The U.S. launched its first satellite, Explorer I, on this day 55 years ago, on January 31, 1958. Under the direction of Prof. James A. Van Allen of the University of Iowa’s Department of Physics, the satellite carried a payload of data-gathering equipment which eventually revealed the presence of radiation belts encircling the earth.
Our observation of this anniversary is bittersweet this year, as one of the Explorer I team’s most dedicated developers, George Ludwig, died at his Winchester, Virginia, home on Jan. 22 at the age of 85.
George Ludwig was a doctoral candidate working on the project with Prof. Van Allen at the time, and he kept a journal chronicling the events. In his entry made at 3:30 a.m. on Saturday, February 1, 1958, he declared:
“Success!! The first U.S. satellite is in orbit. It looks like a good one. … At about 12:41 (Eastern Standard Time) west coast stations started reporting signals. So it was around the earth once! … And so to sleep – the end of a beautiful day.”
Mr. Ludwig, a Johnson County, Iowa native who completed his doctoral dissertation in 1960, went on to a distinguished career with the Goddard Space Flight Center, and later helped lead the effort to establish the National Earth Satellite Service during the 1970s. In 1981 he became director of the National Oceanic and Atmospheric Administration’s Environmental Research Laboratories, a position he held for two years before returning to NASA. He retired in 1984.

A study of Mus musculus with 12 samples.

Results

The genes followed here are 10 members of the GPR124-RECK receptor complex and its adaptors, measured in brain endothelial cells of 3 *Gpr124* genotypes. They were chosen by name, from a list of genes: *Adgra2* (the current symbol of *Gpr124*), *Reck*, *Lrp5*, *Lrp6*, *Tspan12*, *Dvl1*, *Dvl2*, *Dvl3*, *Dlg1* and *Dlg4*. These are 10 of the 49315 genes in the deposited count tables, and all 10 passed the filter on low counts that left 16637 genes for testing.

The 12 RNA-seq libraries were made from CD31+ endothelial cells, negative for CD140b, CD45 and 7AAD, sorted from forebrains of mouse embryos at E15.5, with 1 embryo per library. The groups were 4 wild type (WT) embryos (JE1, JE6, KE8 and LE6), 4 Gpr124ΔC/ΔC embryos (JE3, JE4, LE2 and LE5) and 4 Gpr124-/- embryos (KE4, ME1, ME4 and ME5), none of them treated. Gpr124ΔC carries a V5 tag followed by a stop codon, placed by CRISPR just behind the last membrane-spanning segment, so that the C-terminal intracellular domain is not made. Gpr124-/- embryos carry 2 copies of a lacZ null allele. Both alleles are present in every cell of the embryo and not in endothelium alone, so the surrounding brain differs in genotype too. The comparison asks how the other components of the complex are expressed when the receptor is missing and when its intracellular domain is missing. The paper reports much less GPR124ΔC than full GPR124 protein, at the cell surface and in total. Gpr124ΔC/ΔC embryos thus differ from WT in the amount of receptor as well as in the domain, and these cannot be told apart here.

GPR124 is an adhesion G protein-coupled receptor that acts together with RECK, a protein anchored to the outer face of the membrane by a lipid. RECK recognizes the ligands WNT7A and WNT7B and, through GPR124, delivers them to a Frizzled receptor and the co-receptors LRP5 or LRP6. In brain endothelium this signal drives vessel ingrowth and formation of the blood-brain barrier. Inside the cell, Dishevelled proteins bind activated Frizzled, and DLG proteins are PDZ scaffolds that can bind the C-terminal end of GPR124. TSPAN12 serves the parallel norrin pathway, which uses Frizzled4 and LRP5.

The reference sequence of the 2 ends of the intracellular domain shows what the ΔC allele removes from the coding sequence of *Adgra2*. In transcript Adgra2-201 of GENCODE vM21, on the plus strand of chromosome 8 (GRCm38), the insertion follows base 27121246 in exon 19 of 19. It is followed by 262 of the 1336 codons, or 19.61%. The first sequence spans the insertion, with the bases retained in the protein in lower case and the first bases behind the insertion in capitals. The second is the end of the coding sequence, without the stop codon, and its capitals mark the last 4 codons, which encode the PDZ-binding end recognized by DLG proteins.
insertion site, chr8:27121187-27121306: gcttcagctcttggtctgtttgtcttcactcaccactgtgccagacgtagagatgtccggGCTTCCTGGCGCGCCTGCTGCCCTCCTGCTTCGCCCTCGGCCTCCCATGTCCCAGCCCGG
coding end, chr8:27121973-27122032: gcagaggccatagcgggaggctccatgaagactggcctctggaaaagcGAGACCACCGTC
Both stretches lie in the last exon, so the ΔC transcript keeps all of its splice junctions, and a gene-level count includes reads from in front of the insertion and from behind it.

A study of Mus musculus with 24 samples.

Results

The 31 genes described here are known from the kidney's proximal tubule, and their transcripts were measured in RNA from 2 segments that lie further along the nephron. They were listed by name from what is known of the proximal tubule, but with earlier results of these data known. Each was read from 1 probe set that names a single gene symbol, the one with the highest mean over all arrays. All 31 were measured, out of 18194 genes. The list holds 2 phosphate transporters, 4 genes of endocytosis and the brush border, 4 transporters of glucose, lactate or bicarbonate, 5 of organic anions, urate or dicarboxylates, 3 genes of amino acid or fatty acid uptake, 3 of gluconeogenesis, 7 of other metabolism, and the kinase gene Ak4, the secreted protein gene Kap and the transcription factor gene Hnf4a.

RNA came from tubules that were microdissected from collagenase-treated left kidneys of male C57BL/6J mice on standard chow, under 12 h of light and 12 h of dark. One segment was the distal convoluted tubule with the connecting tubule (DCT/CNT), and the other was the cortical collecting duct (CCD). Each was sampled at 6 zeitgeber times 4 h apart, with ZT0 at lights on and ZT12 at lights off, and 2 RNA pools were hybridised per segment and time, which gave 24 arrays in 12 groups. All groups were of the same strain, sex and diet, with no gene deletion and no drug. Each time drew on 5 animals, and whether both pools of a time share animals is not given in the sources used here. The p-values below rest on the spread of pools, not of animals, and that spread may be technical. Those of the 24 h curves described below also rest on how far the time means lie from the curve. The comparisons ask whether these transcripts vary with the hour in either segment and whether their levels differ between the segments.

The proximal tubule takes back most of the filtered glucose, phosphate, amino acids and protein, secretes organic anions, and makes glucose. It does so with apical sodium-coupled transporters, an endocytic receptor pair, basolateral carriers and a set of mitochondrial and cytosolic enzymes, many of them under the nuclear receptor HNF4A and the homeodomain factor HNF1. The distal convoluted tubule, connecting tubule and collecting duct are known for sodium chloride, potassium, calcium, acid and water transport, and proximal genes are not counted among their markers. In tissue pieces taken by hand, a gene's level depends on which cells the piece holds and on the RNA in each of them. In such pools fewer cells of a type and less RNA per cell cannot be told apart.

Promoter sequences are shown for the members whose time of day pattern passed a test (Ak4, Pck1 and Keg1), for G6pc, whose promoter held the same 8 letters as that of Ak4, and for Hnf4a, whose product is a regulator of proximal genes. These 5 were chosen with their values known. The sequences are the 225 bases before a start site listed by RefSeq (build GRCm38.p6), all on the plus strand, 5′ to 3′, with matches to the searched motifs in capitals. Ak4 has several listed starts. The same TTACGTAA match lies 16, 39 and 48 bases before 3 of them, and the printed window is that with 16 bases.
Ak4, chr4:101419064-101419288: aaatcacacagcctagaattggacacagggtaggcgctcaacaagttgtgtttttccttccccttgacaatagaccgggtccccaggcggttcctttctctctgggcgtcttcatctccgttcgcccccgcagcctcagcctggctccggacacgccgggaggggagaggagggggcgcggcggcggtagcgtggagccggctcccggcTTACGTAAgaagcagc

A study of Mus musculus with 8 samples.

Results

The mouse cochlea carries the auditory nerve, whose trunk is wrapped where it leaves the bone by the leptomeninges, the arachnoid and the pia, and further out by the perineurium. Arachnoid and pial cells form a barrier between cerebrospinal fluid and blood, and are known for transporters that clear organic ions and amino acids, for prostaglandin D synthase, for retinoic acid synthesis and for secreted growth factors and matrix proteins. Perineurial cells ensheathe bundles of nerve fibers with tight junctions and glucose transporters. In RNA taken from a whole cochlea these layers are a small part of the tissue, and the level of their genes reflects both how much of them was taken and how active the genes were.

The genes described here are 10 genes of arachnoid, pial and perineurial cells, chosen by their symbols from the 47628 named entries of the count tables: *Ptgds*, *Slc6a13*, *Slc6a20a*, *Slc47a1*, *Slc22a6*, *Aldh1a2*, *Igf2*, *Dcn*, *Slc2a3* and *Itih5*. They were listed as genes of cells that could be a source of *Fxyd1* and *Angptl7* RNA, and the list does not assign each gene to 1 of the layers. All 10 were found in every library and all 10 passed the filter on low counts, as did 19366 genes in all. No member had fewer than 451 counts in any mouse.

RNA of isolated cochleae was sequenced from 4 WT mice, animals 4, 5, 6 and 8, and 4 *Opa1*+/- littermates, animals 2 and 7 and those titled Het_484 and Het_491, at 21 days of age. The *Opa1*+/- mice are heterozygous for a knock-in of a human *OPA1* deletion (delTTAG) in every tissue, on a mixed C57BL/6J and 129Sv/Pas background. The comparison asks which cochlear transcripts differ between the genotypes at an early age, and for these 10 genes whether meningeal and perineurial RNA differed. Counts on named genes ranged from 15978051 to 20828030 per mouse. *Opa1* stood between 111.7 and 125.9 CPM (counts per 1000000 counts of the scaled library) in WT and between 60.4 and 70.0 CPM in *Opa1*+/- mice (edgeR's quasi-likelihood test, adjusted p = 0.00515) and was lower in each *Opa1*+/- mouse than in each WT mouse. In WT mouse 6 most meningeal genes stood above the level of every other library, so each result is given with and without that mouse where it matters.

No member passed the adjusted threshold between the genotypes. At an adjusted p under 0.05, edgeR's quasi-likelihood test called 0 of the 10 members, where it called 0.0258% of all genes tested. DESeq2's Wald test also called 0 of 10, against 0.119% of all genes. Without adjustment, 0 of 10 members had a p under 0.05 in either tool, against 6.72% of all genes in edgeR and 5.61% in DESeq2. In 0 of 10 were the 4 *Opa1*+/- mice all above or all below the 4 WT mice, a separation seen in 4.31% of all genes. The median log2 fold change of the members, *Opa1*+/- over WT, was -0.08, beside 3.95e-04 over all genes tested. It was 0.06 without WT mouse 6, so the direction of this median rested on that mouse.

His papers are now housed in the University Archives. In addition, the original data he gathered and analyzed from Explorer I, the first scientific data ever transmitted from space, is being digitized and will be made available online in its original raw form. Mr. Ludwig was part of a small, select group of space exploration pioneers whose research laid the foundation for today’s understanding of our planet, our solar system, and beyond.